Customer Supplied CAD data

I remember a post a while back that was in the form of a letter to the
customer concerning the acceptable CAD file formats and the caveats of
supplying CAD data. I searched on google with no success (not sure what the
search string should be) and was hoping that someone more responsible than
me saved that post and could repost it. Lately we have a multitude of
customers who either provide PDF file from Pro/E that are not fully
dimensioned for estimating and then expect us the manufacture the parts from
these same PDF files. I had one today where after we got the job I told the
customer that I had to have some model files since the PDF drawing were not
dimensions completely. He sent some STEP files but told me I would have to
compare to the drawings to make sure they were current! And these are not
simple parts either. On the other end of the spectrum some customers want
us to quote from STEP or IGES files of a model. Which means I have to load
it into Solidworks, clean it up and make a drawing for the estimators to
quote by. Of course all this is done on our on time with no guaranty that
we will even get the job.
In light of all this I've been told to come up with some guidelines to send
to our customers. If I remember correctly the post I'm thinking of would be
a great place to start.
Thanks for your help,
Reply to
Not Necessarily Me
Reply to
You're right, that search did pull a lot of info, but as with most Google searches 99% percent of it was not related to what I was actually looking for. Maybe I'm not asking the group the correct question? I'm looking for a post that is long gone off of my news server that was truely related to what I'm looking for..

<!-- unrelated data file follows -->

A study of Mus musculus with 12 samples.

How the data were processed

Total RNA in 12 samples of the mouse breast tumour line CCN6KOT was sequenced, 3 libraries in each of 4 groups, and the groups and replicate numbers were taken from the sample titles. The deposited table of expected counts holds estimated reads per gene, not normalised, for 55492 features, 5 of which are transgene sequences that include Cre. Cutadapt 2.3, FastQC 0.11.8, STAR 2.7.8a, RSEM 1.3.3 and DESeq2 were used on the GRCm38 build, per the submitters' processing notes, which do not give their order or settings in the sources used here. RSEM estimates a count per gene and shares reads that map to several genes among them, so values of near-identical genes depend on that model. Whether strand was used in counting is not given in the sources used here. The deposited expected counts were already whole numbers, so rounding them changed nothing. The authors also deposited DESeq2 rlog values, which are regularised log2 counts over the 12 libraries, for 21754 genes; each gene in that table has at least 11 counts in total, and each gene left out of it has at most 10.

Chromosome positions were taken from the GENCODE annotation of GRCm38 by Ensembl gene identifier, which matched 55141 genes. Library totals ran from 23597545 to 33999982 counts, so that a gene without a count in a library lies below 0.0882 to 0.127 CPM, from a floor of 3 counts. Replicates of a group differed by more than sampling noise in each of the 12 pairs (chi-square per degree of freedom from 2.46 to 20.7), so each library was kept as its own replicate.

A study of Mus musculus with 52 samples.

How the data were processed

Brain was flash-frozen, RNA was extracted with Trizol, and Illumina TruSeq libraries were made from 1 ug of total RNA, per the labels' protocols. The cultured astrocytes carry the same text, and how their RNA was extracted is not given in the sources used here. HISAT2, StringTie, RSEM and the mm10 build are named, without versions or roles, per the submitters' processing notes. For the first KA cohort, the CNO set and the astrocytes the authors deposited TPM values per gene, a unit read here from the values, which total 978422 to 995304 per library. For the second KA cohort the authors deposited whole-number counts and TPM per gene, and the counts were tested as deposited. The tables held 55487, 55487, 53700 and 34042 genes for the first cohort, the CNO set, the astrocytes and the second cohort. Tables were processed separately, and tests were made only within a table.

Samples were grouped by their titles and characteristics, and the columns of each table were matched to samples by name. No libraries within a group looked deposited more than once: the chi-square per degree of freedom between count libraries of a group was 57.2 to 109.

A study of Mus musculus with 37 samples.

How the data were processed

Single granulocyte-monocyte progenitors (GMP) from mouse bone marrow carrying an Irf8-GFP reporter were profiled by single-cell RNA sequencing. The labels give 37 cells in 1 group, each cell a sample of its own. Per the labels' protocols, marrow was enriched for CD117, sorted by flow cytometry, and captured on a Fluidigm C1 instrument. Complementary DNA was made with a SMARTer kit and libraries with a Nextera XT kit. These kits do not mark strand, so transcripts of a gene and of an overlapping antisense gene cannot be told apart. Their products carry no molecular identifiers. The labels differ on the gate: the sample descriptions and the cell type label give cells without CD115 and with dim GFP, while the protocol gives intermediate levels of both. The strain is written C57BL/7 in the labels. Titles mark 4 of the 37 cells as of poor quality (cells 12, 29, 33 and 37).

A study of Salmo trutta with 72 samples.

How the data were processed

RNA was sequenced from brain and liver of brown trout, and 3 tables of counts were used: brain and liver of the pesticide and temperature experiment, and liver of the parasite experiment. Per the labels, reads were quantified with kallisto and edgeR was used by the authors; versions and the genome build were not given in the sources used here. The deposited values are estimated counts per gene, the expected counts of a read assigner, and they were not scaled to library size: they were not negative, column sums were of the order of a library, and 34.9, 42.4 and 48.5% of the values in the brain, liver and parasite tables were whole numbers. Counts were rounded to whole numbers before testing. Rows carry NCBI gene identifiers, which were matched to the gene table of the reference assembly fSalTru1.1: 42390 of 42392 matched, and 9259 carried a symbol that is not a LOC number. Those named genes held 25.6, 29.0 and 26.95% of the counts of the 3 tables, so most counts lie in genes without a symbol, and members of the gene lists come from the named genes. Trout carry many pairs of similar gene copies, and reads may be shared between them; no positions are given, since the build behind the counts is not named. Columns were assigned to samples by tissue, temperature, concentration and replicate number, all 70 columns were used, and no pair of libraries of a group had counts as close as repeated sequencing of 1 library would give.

Thanks anyway, Jeff
Someone else (maybe the original poster) care to comment?
Reply to
Not Necessarily Me
You get pretty good chart off from the SW Help file (import/export)... copy that to excell and list all the preferred formats...
Reply to
You have kind of a catch-22 thing going on here. If you lay down hard fast rules that inconvenience the customer, you'll lose business. If you attempt to serve the customer, using your current in-place processes, you'll lose money.
The answer, "update your processes"
Quoting from 3D models is pretty common these days, so are PDF's. If you decide that you will only quote from fully dimensiond and detailed "paper" drawings you "will" lose business, guarenteed. You need to train your estimators deal with this type of data, and provide them with software tools to do so efficiently.
This doesn't mean you should just accept any CAD "junk" they decide to send you. What it does mean is that your guidlines should include allowances for these modern methods in an organized way. For instance, standardize on 3D formats you can deal with easily, like STEP and Parasolid. If the part contains close tolerances, it should be accompanied by a drawing, or PDF, that defines these features. If they send you a crummy IGES file from an obsolete CAD system, call them and try to get something better. I've done this hundreds of times with success. Alot of people won't even try because they're afraid that the customer will think they're incompetent. The truth is, 9 times out of 10 the person generating the file doesn't have a clue about about file conversion.